It is hard not to notice Michael Zelehoski’s constructions while walking on the weathered streets of the lower east-side. As I peer into the window before the door is opened by Gallery Director Craig Hensala, I see why Surface Tension has been so popular that it was held over for another week, but will close Sunday. Zelehoski works with a myriad of found objects, mostly from construction sites or from his new upstate studio which he is renovating. Although Zelehoski claims his work is not meant to be political according to Carrie Mackin, the founder of Mackin Projects who curated this exhibit, I say, but it is! Either it is the mysterious cosmos that pervades his found objects to materialize as the maze of construction sites we New Yorker’s seem to travail everyday-- in a never ending roll out of gentrified manifestation, or it is just through coincidental happenstance that his National Grid panels are forcing themselves into grid-lock. The messy, often confusing constructs of mazes and barriers that signify the breaking up of the city’s historic value.
We often find ourselves giving meaning to things where none was meant by the artist, but we find much in the Rorschachian essence of Zelehoski’s forms. “Not meant to be” means nothing to the imagination.
The beautiful construction of his work Animism is however the antithesis of jumble and jam; a well-designed architectural Hexagonal shape with re-purposed wood puzzled into a nest of phenolic plywood with cable and fluorescent bulbs. This 65”x 67” piece is alive with mathematical movement and illumination.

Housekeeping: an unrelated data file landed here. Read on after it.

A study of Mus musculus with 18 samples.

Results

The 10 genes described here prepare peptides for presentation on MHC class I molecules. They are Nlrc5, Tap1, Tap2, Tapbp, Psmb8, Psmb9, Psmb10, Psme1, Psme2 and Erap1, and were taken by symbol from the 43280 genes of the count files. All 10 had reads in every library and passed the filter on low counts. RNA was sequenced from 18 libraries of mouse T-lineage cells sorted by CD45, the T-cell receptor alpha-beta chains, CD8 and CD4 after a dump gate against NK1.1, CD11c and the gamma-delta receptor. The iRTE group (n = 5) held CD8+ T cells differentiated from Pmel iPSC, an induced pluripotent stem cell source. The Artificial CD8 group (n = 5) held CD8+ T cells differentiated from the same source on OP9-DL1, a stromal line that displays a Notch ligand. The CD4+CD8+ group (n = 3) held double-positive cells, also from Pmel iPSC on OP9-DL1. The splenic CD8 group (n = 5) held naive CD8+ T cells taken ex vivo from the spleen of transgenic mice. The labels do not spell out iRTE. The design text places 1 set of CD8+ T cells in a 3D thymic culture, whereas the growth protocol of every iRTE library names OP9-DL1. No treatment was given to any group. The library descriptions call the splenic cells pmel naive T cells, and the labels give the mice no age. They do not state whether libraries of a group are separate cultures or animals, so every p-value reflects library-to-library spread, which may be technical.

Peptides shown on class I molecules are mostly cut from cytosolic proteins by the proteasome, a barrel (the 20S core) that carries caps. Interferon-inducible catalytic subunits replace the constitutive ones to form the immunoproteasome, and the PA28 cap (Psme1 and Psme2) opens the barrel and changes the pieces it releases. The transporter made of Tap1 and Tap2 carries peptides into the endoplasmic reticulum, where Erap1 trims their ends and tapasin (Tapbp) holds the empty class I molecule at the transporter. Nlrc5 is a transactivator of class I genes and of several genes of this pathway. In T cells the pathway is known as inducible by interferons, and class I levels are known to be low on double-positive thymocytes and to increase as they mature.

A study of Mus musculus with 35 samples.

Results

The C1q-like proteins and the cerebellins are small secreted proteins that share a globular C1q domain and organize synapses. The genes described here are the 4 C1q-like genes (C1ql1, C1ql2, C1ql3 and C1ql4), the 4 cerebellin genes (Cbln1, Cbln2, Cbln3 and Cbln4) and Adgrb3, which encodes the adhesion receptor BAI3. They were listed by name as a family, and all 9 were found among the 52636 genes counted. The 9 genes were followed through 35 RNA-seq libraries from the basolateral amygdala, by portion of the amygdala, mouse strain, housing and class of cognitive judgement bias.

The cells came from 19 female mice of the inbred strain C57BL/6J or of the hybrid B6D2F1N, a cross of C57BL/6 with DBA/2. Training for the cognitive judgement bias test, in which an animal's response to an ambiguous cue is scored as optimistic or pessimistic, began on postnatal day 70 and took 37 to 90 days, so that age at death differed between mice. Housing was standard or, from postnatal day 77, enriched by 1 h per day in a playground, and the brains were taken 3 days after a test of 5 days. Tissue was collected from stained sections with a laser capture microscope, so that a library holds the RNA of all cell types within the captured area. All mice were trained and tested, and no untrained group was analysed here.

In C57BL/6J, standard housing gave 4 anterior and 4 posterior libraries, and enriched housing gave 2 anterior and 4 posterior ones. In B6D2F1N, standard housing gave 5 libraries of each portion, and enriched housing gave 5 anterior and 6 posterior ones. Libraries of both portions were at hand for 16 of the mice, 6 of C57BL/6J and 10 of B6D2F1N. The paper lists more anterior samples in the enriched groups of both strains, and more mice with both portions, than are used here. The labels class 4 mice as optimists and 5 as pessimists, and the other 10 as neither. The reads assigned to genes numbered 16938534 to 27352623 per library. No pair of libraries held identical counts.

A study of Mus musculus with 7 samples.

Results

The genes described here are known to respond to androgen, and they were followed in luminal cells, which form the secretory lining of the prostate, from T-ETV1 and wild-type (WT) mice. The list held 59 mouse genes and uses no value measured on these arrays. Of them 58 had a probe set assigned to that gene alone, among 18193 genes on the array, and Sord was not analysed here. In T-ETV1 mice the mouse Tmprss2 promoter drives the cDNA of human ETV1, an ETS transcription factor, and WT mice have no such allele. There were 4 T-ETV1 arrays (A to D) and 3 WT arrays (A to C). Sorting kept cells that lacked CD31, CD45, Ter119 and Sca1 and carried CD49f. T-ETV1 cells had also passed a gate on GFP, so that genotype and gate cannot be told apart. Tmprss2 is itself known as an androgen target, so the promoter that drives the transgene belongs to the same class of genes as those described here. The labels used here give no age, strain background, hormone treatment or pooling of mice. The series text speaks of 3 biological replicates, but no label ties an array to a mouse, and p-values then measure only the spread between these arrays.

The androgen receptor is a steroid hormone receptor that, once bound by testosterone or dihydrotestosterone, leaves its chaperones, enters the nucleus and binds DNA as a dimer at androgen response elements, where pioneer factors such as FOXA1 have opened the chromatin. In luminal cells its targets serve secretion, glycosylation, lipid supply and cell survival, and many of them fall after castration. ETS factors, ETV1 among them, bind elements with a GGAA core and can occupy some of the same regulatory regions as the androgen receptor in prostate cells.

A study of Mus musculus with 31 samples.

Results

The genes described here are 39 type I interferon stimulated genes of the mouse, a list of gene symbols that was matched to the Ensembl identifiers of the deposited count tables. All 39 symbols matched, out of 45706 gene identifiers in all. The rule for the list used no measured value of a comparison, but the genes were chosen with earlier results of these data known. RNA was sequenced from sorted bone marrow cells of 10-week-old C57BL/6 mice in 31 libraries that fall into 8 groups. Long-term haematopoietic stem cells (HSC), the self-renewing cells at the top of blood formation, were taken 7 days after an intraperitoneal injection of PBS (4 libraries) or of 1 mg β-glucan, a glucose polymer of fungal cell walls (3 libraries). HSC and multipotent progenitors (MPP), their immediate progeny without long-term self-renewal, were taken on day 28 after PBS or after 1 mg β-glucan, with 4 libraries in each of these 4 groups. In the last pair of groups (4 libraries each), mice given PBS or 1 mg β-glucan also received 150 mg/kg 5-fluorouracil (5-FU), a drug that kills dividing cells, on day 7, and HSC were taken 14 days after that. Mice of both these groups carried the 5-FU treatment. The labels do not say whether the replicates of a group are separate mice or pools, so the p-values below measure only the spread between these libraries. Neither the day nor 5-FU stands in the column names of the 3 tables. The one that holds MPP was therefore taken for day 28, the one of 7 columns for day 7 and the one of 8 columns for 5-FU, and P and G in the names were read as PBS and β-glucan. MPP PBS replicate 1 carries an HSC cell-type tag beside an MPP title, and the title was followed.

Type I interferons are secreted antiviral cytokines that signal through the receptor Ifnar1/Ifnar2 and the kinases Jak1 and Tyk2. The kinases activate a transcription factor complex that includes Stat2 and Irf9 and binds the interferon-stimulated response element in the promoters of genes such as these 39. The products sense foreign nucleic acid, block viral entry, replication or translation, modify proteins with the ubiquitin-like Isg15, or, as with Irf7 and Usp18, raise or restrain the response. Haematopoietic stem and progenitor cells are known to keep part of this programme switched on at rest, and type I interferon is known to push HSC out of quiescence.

The work that drew me into the gallery is the lumberious clamber in the middle of Site 57 gallery, built in the stretch between the end to end entrances. This big elephant is like a jungle gym for kids and allows the site specific sensuality of large lumber and steel. A piece of construction built in place for our purview, alive and inviting but daunting nevertheless. Something that could also collapse in a moment should the tension release itself to weight or wind. It has an ephemeral nature speaking to the fragility of strength; one good push and down it goes. With the help of cranes, the nuts, bolts and steel pipes are healthily keeping the lumber standing in place, however, one bolt less might betray its existence, leaving us with what was there for a time and suddenly no longer. Chills climb up my spine, as it speaks to its eventual death when the show closes, hence it will arrive one day in another exhibit, inevitability in another form, as elements in a new piece, thus never as the original. In fact, it isn’t in its original form now. It’s only in that form that the elements shall be remembered by myself and others who visited the gallery.
Above is Zelehoski’s compelling work of rare splendor which hangs at the Musee National d’Art Moderne at the Centre Pompidou for its permanent collection in Paris. The piece called Open House (2012) is 13 x 35 feet, a magnificent two dimensional work made from a deconstructed ice house.
He’s an outstanding artist that seems to fold wood like a magician, morphing its traditional construction into something multi-dimensional, sometimes like an architect/designer, sometimes like an abstract painter/sculptor-- inevitably pulling the viewer in.